Mathematics Courses

Nearly all Engineering first-year students will take one of the following math courses during their first semester (listed in sequential order):

  • Math (L24 131): Calculus I (3 units)
  • Math (L24 132): Calculus II (3 units)
  • Math (L24 233): Calculus III (3 units)
  • Math (L24 217): Differential Equations (3 units)
  • Math (L24 309): Matrix Algebra (3 units)

AP Credit for Mathematics

The purpose of high school AP classes is not solely to accumulate advanced credit, but to build a solid foundation for college work. A strong start to university course work is essential to your college career. In fact, our research shows your performance in your first math class is a strong indicator of your future success in engineering courses.

Please follow the AP guidelines from the Math department. If you have concerns about placement for registration, contact your four year advisor in Engineering Student Services.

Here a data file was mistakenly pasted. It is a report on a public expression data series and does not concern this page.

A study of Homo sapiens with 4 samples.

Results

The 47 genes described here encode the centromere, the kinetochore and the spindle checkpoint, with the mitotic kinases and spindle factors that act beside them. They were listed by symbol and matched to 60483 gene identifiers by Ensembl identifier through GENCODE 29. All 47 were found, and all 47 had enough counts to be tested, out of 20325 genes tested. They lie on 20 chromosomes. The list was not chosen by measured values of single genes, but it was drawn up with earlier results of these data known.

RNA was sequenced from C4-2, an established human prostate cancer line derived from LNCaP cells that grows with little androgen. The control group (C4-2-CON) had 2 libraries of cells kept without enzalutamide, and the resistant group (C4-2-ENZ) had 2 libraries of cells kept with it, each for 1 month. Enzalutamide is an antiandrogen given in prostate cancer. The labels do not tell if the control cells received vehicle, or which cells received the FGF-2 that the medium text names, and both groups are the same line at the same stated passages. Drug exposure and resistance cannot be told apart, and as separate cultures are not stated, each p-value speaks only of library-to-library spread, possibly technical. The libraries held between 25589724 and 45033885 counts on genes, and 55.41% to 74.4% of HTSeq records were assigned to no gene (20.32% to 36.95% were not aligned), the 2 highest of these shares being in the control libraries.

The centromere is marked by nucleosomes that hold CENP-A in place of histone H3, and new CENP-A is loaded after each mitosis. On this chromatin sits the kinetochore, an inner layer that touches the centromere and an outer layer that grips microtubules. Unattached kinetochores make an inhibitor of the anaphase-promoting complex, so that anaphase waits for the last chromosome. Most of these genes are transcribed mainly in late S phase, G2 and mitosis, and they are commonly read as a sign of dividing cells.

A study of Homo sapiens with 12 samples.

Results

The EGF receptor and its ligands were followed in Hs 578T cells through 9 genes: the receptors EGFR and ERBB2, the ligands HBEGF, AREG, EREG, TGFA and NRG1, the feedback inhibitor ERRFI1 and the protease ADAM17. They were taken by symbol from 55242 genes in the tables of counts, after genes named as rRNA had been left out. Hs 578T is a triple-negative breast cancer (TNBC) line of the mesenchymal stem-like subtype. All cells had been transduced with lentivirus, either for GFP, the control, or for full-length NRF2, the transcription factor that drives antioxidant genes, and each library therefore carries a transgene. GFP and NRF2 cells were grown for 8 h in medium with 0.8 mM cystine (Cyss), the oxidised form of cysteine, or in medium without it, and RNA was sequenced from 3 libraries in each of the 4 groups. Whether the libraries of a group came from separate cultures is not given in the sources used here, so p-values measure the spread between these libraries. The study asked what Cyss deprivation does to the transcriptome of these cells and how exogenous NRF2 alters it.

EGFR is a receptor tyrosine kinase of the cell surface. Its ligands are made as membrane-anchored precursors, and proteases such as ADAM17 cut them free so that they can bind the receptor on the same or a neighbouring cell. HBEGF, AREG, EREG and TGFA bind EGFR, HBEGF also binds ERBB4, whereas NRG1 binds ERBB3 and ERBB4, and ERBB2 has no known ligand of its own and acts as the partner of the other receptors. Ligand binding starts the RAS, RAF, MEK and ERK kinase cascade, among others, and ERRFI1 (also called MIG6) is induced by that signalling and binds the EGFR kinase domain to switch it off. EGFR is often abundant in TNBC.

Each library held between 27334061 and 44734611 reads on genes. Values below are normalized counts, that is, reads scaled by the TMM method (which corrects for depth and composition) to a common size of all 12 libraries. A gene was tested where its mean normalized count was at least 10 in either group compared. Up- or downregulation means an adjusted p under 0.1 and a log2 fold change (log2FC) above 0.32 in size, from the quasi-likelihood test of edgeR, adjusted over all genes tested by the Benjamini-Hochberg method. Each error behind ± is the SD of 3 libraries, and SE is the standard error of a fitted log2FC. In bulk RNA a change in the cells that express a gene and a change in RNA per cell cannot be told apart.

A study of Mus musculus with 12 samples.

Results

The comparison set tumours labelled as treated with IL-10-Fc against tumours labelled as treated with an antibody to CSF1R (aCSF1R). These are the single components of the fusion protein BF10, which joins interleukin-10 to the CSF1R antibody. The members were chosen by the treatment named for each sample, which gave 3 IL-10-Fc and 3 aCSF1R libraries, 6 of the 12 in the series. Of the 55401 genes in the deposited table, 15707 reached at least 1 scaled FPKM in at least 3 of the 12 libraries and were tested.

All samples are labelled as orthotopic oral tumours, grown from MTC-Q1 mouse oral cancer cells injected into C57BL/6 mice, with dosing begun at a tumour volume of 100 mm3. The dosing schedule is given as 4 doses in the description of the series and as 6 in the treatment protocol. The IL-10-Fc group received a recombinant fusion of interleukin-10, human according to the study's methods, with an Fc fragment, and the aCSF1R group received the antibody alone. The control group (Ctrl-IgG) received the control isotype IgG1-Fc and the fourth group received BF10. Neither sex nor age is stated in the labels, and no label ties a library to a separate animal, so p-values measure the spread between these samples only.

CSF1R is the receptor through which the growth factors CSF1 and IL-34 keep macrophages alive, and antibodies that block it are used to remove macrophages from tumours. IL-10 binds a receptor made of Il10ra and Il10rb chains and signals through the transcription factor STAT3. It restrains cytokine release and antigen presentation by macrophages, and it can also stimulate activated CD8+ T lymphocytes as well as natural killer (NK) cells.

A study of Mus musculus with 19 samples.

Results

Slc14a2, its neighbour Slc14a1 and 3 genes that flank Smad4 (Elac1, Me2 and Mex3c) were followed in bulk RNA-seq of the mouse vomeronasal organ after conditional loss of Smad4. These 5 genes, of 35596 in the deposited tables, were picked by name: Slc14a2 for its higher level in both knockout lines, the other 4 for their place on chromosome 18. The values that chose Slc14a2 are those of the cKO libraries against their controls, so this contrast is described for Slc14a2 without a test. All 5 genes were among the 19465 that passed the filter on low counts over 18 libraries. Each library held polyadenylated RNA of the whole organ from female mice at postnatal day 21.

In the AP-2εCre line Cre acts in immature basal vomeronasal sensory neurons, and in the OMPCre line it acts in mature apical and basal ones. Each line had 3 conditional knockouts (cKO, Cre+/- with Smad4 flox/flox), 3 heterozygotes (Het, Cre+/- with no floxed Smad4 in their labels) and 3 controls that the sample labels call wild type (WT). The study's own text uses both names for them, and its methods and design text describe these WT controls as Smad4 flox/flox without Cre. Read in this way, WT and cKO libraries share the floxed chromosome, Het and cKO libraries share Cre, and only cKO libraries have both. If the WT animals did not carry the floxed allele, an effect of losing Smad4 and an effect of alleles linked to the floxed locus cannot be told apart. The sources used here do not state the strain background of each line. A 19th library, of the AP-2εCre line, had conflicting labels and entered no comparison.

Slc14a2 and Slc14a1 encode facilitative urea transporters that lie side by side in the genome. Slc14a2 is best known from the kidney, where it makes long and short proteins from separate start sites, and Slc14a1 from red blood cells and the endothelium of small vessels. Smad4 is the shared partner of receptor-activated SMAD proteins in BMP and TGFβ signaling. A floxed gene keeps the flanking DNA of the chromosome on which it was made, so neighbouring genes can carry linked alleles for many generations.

For more information about Math Placement, visit the Math department's website: wumath.wustl.edu.

A solid foundation in calculus is critical for all of your engineering courses.

Engineering Student Services can address all registration questions

Online Calculus Placement Exam

First-year students who are unsure about which Calculus class to take are strongly encouraged to complete the WUSTL math placement exam prior to registration.
www.math.wustl.edu/placement/
This exam is scored immediately after you complete it, and suggests which math course students should take for the first semester. You are strongly encouraged not to do any preparation before the exam.

Note for Pre-Medical Students

There are some medical schools that do not accept AP or any other placement credit. And there are medical schools that insist on upper level coursework in the same discipline for students who have received placement credit. If you have further questions regarding this, please e-mail Ron Laue, the pre-health advisor for the School of Engineering & Applied Science, at ron.laue@wustl.edu.